I'm curious if there's something quick I can do, when I realize I want 5 cups of breadcrumbs and have no old bread, and don't want to buy or bake a loaf of bread just to immediately pulverize it.

That is, what is the fastest, simplest, easiest bread-like thing one could make, which would turn into breadcrumbs in a food processor?

One more edit: I didn't really intend this to be asking "what other ready-made things can I buy (or have around) and turn into breadcrumb substitutes". I want to know, at the very least, the best way to streamline the process of making and drying bread given the fact that I don't care if it's ever moist enough to eat as bread, and don't care about its overall shape or texture or anything else we usually care about in bread.

  • I am confused - you want to make bread crumbs without first making or buying bread? So are you looking for an alternate ingredient from which to make breadcrumbs? – Katey HW Aug 23 '11 at 21:14
  • @Katey: Surely breadcrumbs do not require a full loaf of bread. You don't really care much about structure. I imagine you could get away with some sort of quickly thrown-together flatbread with minimal leavening (possibly just steam), rather than taking all the time to make a normal bread with yeast. – Cascabel Aug 23 '11 at 21:44
  • @Aaronut: Yeah, I don't know how answerable it is - maybe a quick soda bread, baked fairly thin to minimize baking time, is about the best one can do. – Cascabel Aug 23 '11 at 22:01

Yeast bread develops a particular flavor and larger hole structure than quick bread though. The flavor of a quick bread breadcrumbs should be slightly different, but in many dishes the subtle difference won't be overwhelming unless the breading is a 'star' of the dish. The hole structure really doesn't matter luckily - as developing that is a large part of the time factor of real bread.

Drying it out will be the harder part. The denser structure holds moisture better, so slice it thin and give it low, dry, long heat.

Personally, anything that you're going to make for the purpose of breadcrumbs that isn't just a substitute (like cereal, crackers, etc in the other answer), sounds like it'd be easier just to make a loaf of fast rise bread to me.


  1. Saltine Crackers
  2. Pretzels
  3. Select brands of Cereal (Chex, Corn Flakes, etc.)

Take these for a spin in your food processor till you reach the consistency you desire.

Depending on your ultimate goal one or any of these could serve as a suitable sub for "bread crumbs"

  • Good point @Katey... though Pita chips are not commonly lying around at my place... – Cos Callis Aug 24 '11 at 0:06
  • For a zero carb recipe you can use pork rinds as well – lazoDev Aug 24 '11 at 3:35
  • @lazo: I don't know whether to be disgusted by the fact that it's pork rind breading, or disgusted by the fact I didn't think of it first. – Satanicpuppy Aug 24 '11 at 3:45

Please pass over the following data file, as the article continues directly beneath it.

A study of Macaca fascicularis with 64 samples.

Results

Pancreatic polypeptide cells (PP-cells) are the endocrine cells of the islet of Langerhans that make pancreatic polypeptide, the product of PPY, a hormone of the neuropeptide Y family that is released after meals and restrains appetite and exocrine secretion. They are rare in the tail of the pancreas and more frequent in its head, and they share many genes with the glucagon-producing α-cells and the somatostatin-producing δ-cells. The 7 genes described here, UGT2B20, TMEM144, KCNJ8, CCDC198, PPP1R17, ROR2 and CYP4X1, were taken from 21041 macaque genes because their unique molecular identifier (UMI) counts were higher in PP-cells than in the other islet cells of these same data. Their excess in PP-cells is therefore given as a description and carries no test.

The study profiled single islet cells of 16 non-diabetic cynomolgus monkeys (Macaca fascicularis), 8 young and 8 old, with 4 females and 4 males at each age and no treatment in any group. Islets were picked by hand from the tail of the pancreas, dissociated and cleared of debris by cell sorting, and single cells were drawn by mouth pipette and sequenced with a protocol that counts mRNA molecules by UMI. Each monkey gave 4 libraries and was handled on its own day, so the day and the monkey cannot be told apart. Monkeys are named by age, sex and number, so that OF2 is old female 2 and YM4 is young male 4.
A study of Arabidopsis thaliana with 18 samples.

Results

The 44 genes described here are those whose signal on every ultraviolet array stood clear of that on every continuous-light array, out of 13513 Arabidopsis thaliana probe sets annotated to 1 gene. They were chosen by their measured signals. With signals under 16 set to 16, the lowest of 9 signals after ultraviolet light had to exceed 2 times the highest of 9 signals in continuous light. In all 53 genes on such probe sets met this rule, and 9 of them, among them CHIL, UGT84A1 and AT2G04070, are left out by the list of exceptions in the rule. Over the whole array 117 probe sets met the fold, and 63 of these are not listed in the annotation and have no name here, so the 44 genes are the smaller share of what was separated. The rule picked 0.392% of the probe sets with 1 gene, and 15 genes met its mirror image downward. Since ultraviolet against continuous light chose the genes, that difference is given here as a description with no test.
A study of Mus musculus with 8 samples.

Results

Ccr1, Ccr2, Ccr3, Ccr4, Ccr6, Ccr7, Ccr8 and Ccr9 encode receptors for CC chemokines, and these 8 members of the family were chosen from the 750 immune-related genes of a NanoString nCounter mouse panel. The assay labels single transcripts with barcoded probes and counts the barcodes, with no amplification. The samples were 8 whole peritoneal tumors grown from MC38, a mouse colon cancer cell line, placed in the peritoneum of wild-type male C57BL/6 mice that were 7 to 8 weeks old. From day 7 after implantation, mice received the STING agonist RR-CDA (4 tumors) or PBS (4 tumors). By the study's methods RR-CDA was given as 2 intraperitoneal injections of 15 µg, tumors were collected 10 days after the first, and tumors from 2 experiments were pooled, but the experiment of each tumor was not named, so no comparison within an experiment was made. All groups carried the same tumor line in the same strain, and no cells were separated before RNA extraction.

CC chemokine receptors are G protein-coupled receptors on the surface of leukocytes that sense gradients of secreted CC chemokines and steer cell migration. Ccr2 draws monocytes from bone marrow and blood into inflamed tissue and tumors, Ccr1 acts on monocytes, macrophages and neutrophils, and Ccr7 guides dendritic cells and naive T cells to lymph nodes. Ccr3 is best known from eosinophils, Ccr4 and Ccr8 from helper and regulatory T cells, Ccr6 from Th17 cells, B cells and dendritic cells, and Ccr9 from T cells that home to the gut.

Hardtack is baked from a simple dough made with flour, water, and salt. It is rolled out, and baked till brown into a kind of cracker. It is often twice baked, to remove all moisture for long term storage - depending on the moisture of the dough, how thickly it's rolled, and the kind of breadcrumb you need, this might not be necessary, or might be helpful. Many are rolled thicker and baked longer if they're intended for storage - but if you roll it quite thin, like a cracker it will bake quickly to the right texture, and if it's dry it should crumble easily into something like breadcrumbs.

Alternatively, you can pick any recipe for dry crackers or plain unleavened biscuits (think European style, not American). Hardtack is the simplest of these types of recipes, but some have more ingredients (sugar, salt, oil) if you want a bit more flavor in your breadcrumbs, or if you want to use a little leavening you should end up with a lighter texture.

The crumbs you get will be similar in texture to using saltines or pretzels, a little bit hard, dense, plain. But they'll work pretty well for most recipes, and you can make them with whatever flour you've got at hand. They're also pretty quick to make and very simple - one of the cracker recipes quoted a half to three quarters of an hour for a batch. One of the hardtack recipes suggested baking times of as little as 5 min per batch (depending on how thin it is), and the mixing time of the simpler version is not much more. Since they're already dry and hard, and need very little extra processing (~45 seconds with a mortar and pestle per mortar volume) I expect you'd have your 5 cups of breadcrumbs ready within 45 minutes of starting your recipe.

You might also get away with a simple bannock or flatbread, with the dough rolled very thin and pan toasted until crisp and dry. It depends on whether toasting them singly on the pan is quicker than all at once in the oven. These will tend to be softer, usually with a bit more fat (oil or butter) and may include more breadlike flavors (including yeast). The better flavor profile may be worth the extra time drying, depending on the recipe.

One of the first things I learnt was how to crumb a chicken schnitzel with Panko bread crumbs. I am frustrated with myself for loosing my recipe but you can make them without a loaf of bread. Not sure of the ingredients exactly but we used flour and seasoning of choice and and added butter while rubbing the mix gently between the fingers until we had a soft dry mix.